Editor’s Note: Dr. Massood Omrani teaches in the MBA Program at the College of Business and Information Technology at Lawrence Technological University in Southfield. He is a senior fellow at The PuLSE Institute, where he’s focusing on business solutions to poverty. This is his first column since he recently joined the Institute. For submission inquiries contact Bankole Thompson, the Editor-Chief of The PuLSE Institute at email@example.com
By Massood Omrani
Poverty is a social and economic disease that has a long lasting effect through the destruction of cities and towns in any state or country. It occurs when a person can no longer provide the necessities of life for his or her family. It is when a person for economic reasons has to live in a substandard situation, compared to the norms and standards of that society. It is not an absolute condition and it strongly depends on the living standards of each society.
In a rich society where the majority of people have enough food to eat, enjoy having healthcare, and live in decent dwellings, lack of these necessities for any percentage of people in that society is called poverty. In the United States, poverty exists when people go to bed hungry; it is when they don’t have running water and electricity in the place they live; it is when they have to choose between their medications and their food since they cannot afford both; it is when a person has to look for food in other people’s garbage cans and when one ends up sleeping on the street.
Poverty affects the morality of the people who are stricken by it. It forces and compels people who live in poverty to resort to unlawful activities- any activity- to survive. People who live in poverty will do anything to eat, find a shelter, afford medications, and feed their loved ones, etc. Can anyone in their right mind blame the people who steal from others to feed their starving children or parents? Can anyone with a right conscience blame the women who resort to prostitution for feeding their babies? There is an old proverb which states, “when poverty enters a house from the front door the morality leaves from the backdoor”.
I would like to emphasize that the poverty not only destroys the morality among those who live in it, but it also diminishes the value system of the ones who observe poverty and either cannot help or choose not to care enough to help. In either case that society is losing its value system as a whole. And, a society with diminished value system is doomed to vanish.
Poverty could result from many reasons, such as lack of jobs during a bad economy, discrimination in the distribution of the good economic opportunities, lack of the right skills and education due to the advancement of technology, lack of accessibility to jobs and to where the jobs are offered, mental or physical inability to do what pays a decent salary, loss of financial assets due unforeseen conditions such as a long lasting illness while having no health insurance, etc. It is very important for societies and their elected officials to find the root cause of the poverty. I strongly believe that if one can correctly identify the root cause of any problem, that problem is already 50% less challenging and it is on its way to being solved.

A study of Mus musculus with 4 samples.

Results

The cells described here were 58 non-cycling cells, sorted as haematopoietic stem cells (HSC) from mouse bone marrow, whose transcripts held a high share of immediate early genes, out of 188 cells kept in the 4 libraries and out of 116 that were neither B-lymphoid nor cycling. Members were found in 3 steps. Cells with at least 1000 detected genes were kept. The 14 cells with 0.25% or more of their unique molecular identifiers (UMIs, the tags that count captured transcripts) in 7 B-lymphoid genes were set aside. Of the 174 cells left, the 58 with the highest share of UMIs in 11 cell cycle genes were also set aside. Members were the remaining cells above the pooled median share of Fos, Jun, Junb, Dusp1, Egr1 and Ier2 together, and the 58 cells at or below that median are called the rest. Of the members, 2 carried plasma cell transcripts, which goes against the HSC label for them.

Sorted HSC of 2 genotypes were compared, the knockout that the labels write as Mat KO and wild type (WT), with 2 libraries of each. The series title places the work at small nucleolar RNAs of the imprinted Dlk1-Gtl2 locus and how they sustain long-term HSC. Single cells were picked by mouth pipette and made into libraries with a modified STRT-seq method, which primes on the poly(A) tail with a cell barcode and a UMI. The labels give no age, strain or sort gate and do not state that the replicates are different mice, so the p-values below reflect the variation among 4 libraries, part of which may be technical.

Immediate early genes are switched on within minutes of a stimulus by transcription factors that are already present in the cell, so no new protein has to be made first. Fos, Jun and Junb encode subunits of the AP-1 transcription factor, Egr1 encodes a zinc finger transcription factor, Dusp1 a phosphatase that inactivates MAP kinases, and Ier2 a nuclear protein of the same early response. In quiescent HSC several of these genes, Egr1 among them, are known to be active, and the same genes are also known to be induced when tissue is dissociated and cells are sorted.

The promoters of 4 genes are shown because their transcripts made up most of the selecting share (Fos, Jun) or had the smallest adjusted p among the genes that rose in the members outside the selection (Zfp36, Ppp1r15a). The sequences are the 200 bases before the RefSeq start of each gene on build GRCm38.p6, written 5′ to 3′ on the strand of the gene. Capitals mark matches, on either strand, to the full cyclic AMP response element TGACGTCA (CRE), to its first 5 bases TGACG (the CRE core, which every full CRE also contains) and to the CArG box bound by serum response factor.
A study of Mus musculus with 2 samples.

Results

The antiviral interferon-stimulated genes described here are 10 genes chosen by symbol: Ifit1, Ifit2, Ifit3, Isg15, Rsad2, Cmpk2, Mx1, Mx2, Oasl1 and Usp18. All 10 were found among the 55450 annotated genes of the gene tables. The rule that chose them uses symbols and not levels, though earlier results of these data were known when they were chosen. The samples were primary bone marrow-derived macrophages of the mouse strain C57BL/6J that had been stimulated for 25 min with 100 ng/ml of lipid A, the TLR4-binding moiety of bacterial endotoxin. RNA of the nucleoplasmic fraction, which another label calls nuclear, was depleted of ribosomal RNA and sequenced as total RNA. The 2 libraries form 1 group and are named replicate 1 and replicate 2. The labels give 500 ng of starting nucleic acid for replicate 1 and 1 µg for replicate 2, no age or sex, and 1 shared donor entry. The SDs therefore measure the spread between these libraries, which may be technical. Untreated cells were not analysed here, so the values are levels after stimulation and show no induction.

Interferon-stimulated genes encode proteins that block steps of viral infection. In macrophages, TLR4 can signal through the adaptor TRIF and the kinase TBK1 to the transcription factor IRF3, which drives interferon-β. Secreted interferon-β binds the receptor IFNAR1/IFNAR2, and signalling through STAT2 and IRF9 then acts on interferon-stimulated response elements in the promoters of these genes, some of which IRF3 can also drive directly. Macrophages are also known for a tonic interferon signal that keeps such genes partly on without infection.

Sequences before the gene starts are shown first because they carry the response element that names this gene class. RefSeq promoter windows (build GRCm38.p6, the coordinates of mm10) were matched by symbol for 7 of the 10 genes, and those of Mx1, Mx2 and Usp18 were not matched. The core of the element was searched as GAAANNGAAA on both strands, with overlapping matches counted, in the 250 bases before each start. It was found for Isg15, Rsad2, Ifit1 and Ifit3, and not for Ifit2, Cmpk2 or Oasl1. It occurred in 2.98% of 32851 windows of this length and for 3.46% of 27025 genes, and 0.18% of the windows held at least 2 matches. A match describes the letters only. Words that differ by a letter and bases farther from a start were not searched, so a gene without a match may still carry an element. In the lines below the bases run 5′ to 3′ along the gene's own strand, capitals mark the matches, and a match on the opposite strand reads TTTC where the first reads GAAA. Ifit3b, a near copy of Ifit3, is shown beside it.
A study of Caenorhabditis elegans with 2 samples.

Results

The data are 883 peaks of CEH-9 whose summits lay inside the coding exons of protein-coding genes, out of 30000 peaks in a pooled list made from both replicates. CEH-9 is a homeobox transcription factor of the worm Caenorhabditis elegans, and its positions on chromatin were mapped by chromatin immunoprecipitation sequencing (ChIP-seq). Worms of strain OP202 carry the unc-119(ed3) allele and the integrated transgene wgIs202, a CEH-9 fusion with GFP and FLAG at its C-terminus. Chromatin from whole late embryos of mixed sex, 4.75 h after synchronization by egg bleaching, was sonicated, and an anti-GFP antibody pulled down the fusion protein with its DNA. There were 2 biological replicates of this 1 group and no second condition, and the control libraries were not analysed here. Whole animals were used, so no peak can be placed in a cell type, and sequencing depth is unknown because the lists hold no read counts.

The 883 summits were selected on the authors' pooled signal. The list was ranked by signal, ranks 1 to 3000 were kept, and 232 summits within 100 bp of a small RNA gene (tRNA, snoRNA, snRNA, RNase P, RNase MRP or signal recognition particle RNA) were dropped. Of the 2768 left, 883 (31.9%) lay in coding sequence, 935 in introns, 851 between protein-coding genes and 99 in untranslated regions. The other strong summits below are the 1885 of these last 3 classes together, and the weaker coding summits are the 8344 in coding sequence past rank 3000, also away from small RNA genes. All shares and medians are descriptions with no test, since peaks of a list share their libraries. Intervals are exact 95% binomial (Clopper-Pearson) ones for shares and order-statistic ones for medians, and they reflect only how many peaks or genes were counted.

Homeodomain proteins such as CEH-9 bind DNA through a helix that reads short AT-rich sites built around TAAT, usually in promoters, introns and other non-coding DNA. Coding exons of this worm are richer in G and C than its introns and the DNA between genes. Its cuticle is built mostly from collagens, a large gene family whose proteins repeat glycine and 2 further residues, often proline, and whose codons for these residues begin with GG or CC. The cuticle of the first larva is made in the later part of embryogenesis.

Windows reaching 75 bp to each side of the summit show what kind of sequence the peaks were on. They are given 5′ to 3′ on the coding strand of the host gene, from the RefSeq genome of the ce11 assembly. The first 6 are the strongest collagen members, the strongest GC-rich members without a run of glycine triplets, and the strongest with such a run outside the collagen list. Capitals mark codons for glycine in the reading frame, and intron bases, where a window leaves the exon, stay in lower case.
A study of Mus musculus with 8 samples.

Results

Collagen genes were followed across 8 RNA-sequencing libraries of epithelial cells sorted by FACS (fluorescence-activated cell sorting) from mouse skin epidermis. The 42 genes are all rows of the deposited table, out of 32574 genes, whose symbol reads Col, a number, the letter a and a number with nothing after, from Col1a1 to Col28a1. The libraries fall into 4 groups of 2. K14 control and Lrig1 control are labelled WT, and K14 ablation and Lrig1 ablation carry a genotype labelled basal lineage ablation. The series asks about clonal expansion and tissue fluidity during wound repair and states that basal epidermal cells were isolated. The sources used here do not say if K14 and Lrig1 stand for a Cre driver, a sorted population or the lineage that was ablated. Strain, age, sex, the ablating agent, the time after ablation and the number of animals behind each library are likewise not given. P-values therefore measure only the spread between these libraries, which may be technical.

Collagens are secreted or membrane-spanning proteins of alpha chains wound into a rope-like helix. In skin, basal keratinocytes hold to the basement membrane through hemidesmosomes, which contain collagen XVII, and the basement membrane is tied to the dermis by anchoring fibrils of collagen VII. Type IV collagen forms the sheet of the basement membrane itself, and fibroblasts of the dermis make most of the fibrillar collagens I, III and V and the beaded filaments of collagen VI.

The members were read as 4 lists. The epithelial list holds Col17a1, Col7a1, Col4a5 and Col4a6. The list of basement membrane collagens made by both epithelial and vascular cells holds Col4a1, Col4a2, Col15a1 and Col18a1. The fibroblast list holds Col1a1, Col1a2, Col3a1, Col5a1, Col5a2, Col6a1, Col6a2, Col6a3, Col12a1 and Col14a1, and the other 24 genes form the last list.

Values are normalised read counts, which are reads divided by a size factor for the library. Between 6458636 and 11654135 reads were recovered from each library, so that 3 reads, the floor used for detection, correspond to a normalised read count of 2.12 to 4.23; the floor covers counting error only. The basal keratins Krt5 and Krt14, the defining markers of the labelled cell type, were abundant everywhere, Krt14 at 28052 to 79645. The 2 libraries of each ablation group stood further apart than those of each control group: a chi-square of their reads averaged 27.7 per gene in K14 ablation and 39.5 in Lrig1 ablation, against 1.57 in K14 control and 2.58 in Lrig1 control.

Here I would like to address the disease of poverty from a business aspect. Let me first offer some facts: Unemployment rate is not a true measurement of the people who can’t find jobs. As the readers might be aware, our employment rate is conducted by the Bureau of Labor Statistics and is based on sampling 60,000 households. In the calculation of the unemployment rate, among those being sampled only those who are employed or actively looking for jobs are considered and those who gave up looking for jobs, for any reason, are ignored. The people who have given up looking for jobs are the ones who can’t easily reach the job market, where the jobs are offered, or have no education or skills which are in demand, in the job market. Or, they can’t afford the means and the conditions required to travel to where the work is performed. This is a serious issue since in many cities in America there are no mass transit systems. So, many cannot work where the jobs are because they cannot get there- as simple as that.
One the other side, the U.S. economy is based on consumptions. The more people buy the goods that are produced by manufacturers, the more companies will invest, will grow, and will hire employees (i.e. producing more jobs). This is a simple math. Those percentage of people who live in poverty can’t afford to buy the goods being offered in the market and they only look for the basic stuff to survive. Henry Ford gave high wages to his autoworkers so they can afford buying Ford’s vehicles.
Fighting poverty and enabling everyone to be a healthy consumer is a virtuous circle (opposite of the vicious circle that is caused by poverty) and it makes business sense to make it a circle of prosperity. The challenge to all of us, for resolving the disease of poverty in Detroit, from any angle, being morality or just sustaining the business prosperity, is how to do so. And, as it was mentioned earlier, first we have to identify what causes the poverty in our city. The PuLSE Institute’s charter is exactly for facilitating healthy discussions among our politician and business leaders in Detroit to address this unfortunate disease.